Traditions and customs in Puerto Rico are an important part of the country’s culture. While informal and easily understood by Puerto Ricans, they can leave visitors perplexed. Take a look at this useful guide to find out more about what makes the country tick.
Dishes like mofongo, asopao, or tostones may be considered exotic by visitors to the island, but for Puerto Ricans, traditional dishes like these are everyday food. Their ingredients and recipes reflect part of Puerto Rican culinary history and the cultures that have shaped it. In addition, many of them are absolutely delicious and a great way to taste Puerto Rican life.
Puerto Rico is among the many countries worldwide that are predominantly Spanish-speaking, and while there are many words and phrases that are common and mean the same internationally, there are others that are local to the island. Some phrases, for example, refer specifically to things in Puerto Rico – such as the skyward-pointing statue of Christopher Columbus referenced in the saying “cuando Colón baje el dedo” (“when Columbus lowers his finger”), meaning that something will never happen. There is also the word china, which Puerto Ricans use to signify the color orange and an orange (the fruit), when in other Spanish-speaking countries naranja is used.
Anyone that’s flown to Puerto Rico might’ve already seen first-hand that sometimes Puerto Ricans clap when the plane lands at the airport runway. The clapping isn’t all that uncommon, although the popularity of it has arguably waned in recent years. If you’re wondering what it means, clapping is a gesture of thanks that the plane has landed safely in the island home.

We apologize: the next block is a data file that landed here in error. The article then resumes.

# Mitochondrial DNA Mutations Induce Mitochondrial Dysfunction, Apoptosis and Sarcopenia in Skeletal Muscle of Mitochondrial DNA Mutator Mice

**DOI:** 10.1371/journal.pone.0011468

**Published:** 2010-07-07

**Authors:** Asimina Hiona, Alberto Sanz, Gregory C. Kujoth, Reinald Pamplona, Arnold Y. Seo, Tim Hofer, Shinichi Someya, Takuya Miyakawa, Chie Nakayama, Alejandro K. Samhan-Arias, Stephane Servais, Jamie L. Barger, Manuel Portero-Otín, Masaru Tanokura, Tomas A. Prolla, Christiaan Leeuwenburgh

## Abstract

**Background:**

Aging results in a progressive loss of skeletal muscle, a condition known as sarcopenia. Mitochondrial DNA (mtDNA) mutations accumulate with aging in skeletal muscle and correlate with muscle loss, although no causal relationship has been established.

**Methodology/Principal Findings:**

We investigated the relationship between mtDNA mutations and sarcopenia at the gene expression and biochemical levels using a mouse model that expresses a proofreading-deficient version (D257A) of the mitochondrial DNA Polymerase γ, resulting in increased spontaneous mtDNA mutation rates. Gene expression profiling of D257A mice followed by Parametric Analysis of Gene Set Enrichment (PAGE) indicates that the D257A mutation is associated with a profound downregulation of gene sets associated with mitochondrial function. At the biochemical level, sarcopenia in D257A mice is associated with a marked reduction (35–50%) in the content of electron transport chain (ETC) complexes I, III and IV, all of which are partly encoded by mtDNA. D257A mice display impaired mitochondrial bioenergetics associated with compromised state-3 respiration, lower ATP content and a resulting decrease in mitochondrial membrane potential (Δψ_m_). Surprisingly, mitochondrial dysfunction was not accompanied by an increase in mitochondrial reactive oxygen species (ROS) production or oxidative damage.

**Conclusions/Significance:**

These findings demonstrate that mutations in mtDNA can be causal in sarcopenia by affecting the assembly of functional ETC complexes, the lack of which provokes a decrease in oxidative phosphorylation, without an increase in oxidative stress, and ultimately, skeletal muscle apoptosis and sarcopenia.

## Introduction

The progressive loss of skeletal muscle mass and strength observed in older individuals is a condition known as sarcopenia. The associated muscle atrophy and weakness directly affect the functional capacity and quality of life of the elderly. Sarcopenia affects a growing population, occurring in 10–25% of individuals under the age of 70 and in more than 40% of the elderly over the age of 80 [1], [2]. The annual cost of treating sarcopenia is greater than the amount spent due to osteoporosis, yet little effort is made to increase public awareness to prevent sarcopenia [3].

Every summer down Fifth Avenue in Manhattan, New York City, thousands of Puerto Ricans attend the parade, set to celebrate its 60th year in 2017. It is one of the largest, if not the largest, event celebrating Puerto Ricans that takes place in the United States, with a number of cultural activities held and educational scholarships. A significant event, it has become tradition for many generations of Puerto Ricans to come together to attend the parade.
The Puerto Rican Christmas or Navidad season lasts approximately from the end of November at around Thanksgiving, until mid-January. Not only do people typically celebrate the birth of Jesus, but there are also further celebrations when children receive gifts; Santa Claus appears towards the end of December, coinciding with Noche Buena (the night of December 24), while the Three Kings bring gifts to children on the night of January 5, the Víspera de los Reyes. The Three Kings, which are also called the Three Wise Men or Three Magi, have a religious significance because it is believed that they also brought gifts to baby Jesus.
Music is often played during Christmas time and popular songs include “Feliz Navidad” by Jose Feliciano, and “Canto a Borinquen” by salsa standouts Héctor Lavoe and Willie Colón, with assistance from Yomo Toro. Food is very important, and traditional Christmas dishes that are frequently on the menu during the season include pasteles, pork cooked in different ways (especially a la parrilla), and arroz con dulce.
One of the most noteworthy and fun Christmas traditions is the trulla or parranda. The custom is a bit similar to Christmas carolers in other countries, but turned up a couple of notches with instruments and surprise appearances at the houses of friends and family at any time of night. Often people in parrandas wake up the resident of the house they’re visiting and make so much noise that the neighbors are woken up as well. After the Christmas songs have been sung, the parranda people spend time at the house they’ve visited and sometimes have a meal together. There’s a lot of fun to be had with family and friends during this time of the year, and a parranda is a great way to keep the festivities going.